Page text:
The lines of communication are open, if blurry

I don’t know when my home town school system started issuing e-mail accounts and web space to the staff, but by my junior year of high school, probably about half of my teachers had set up class websites.

They were all pre-formatted on a generic template. Clip art graphics at the top depended on the subject: the wobbly line drawn globe on the social studies pages; chalk and a slate for math classes; a test tube emitting glassy bubbles for Chemistry; maybe the globe again for Earth Science. The illustration options were limited.

On down, students might find course-related links, the attendance policy, the date of the first test of the year (or the previous year, in some cases). More than a few featured that stick figure construction worker and promises of “Coming Soon!” Zealous teachers added edifying quotations about hard work or knowledge, or the emblem of their favorite sports team, copied and pasted into pixelated distortion. And everybody threw their school district e-mail address up at the end of the scroll.

The point is that all of this was very experimental. Teachers dabbled in web presence the way most people tweak the e-mail font and signature settings on their first day at a new job. You mess with the text size and color. You pick out what will go at the end of composed messages and what will go at the end of replies and forwards. You either make it easy for others to figure out how to contact you by phone or you figure out how to make it nearly impossible. You might even scroll through those “stationary” styles, just to see what an e-mail would look like inside a circus tent. And then you’re like, “interesting idea, nice to have the option—not for me.”

Not surprisingly, a lot of public school teachers had a similar reaction to their new webmaster roles. “Interesting idea, nice to have the option—not for me.” Only they had already referred students to the website and it remained active, if orphaned.

One weekend, I sought out one of my AP teacher’s contact information via our class website and e-mailed her to ask a question about an assignment. I never heard a reply, so I improvised my way through and then approached her about it at our next class. Not only did she criticize the way I had opted to complete the project, she was also completely flustered, even offended, by the fact that I had sent her an e-mail about it.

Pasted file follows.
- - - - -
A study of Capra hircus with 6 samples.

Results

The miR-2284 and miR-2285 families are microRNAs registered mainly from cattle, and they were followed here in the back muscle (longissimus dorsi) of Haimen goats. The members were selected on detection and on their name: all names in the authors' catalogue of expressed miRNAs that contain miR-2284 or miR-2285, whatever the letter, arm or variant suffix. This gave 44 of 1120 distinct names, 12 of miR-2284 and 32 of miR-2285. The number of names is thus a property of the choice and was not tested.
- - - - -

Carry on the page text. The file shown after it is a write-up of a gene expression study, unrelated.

It got around soon after that she had gone to someone in the administration and complained about having to use an e-mail address at all. It made her uncomfortable because it gave students too much access to her personal life or something. It was a violation of her privacy. I still wonder if anyone, before then or since, clarified the concept of e-mail to this otherwise fantastic teacher, or . . .

Who knows.

That incident was pretty much the best indicator I ever had that I was ready to graduate high school and go on to college where I could e-mail professors at all hours of the day and night.

But in the last six months, it’s become clear that what I was really ready for, all the way back in 2001, was my current job. What started with that errant e-mail to my teacher has ended with a steady stream of text messages between me and my boss.

I forgot my cell at my desk one evening during my first or second week. He heard it beeping or buzzing or something and sent me an e-mail so I wouldn’t worry over its whereabouts. I thought, “How nice of him!” and then, “Terrific. Now my employer knows that I can’t keep track of my personal items, and also, that my cell phone is pastel pink.”

He hasn’t held either against me, because my pink cell phone is filled with messages like: “Not feeling well. Can you go to launch?” “Did you see my sunglasses @ the booth?” “Put a cold compress on your forehead and feel better!” “Quick theater question. Check your email.” And “Halloween marshmallow peeps!!!”